NewsLocalPetrides says EU states must show solidarity on asylum seekers

Petrides says EU states must show solidarity on asylum seekers

The migration issue is the most classic example of the failure of EU policy, Interior Minister Constantinos Petrides said on Tuesday as he queried what happened to EU solidarity on burden sharing of asylum seekers among member states, the Cyprus News Agency reports.

Cyprus has the highest number of asylum seeker applications per capita in the EU 28. Petrides told a conference in Nicosia that applicants are expected to exceed 3.5% of the population. The EU legal framework is antiquated and allows economic migrants to abuse the system, he told a conference organised by the European Parliament and European Commission offices in Cyprus and the UN High Commissioner for Refugees on the integration of refugees.

Petrides said he had sent a letter to the EU Commission in August asking the 5,000 asylum seekers from Cyprus be ‘redistributed’ in other countries as a way to ease the problem, but had received no reply.

“So how can we talk about solidarity?” he queried.

The minister said that asylum seekers in Cyprus are expected to reach or surpass 15,000 in 2019 which is close to 1.8% of the population and the number will rise to 3.5% if those already granted asylum or supplementary protection are added. In only six EU countries are numbers over 1%, said.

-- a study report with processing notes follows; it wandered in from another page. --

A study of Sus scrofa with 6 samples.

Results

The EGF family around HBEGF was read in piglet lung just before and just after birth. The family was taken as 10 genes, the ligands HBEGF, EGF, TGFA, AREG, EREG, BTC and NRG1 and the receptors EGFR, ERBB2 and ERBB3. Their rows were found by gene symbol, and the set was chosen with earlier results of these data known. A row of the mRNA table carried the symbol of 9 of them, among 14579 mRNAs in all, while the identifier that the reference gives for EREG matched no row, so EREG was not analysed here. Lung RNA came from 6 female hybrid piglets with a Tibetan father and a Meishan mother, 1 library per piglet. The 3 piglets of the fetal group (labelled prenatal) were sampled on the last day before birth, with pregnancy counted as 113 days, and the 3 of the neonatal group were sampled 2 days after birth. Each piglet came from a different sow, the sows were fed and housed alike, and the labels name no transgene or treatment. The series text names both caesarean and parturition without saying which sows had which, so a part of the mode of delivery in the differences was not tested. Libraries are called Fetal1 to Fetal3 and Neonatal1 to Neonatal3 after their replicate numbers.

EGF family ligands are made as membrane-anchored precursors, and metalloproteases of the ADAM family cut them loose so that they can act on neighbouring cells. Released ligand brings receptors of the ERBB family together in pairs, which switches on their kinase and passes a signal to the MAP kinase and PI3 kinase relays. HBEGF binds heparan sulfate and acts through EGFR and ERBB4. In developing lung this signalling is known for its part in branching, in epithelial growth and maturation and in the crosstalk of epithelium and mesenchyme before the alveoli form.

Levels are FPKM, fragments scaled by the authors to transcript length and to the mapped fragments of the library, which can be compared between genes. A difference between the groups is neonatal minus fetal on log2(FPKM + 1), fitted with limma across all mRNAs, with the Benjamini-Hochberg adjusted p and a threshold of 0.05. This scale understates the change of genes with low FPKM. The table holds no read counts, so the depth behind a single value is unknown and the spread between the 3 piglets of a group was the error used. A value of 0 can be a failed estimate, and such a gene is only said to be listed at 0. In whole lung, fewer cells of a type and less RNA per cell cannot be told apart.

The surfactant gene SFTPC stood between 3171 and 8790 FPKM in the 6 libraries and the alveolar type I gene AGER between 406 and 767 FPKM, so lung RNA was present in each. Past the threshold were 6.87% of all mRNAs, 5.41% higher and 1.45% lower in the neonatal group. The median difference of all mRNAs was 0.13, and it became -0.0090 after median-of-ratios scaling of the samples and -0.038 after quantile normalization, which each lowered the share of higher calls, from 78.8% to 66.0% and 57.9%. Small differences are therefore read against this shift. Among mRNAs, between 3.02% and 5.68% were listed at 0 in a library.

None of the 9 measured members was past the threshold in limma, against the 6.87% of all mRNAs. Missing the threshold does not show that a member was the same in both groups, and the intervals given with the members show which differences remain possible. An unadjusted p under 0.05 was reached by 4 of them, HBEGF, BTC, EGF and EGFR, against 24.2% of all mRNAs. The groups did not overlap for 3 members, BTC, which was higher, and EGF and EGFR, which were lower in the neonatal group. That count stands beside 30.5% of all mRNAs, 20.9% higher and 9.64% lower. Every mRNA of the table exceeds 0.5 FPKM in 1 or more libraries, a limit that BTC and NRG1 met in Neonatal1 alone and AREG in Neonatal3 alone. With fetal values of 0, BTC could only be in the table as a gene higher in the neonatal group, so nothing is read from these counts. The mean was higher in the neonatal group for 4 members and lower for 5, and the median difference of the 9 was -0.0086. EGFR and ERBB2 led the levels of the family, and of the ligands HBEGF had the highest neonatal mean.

He also explained that the profile of asylum seekers has changed with the number of applicants from Syria down and an increase of arrivals from Africa. They fly to Turkey, obtain a transit visa to the Turkish occupied north and then end up in the government controlled areas where they ask for asylum. “Not many are refugees. They are economic migrants who abuse or exploit this,” he said.

One third of asylum seekers come legally as foreign workers — either as house help or  agricultural workers and a little before their residence permits expire, they apply for asylum and here the state must improve its procedures, he said.

The first victims of a bad asylum system are real refugees, he added.

Cyprus has taken measures and is the first country to bring the EASO (European Asylum Support Agency) to the country. By the end of the year there will be 80 evaluators so that the procedures are quicker, but the issue he added was also the absorption rate.

Cyprus is setting up a new reception centre and another one will be set up for unaccompanied minors. Housing was a problem not only for asylum seekers but for Cypriots as rents have spiralled because of lack of accommodation.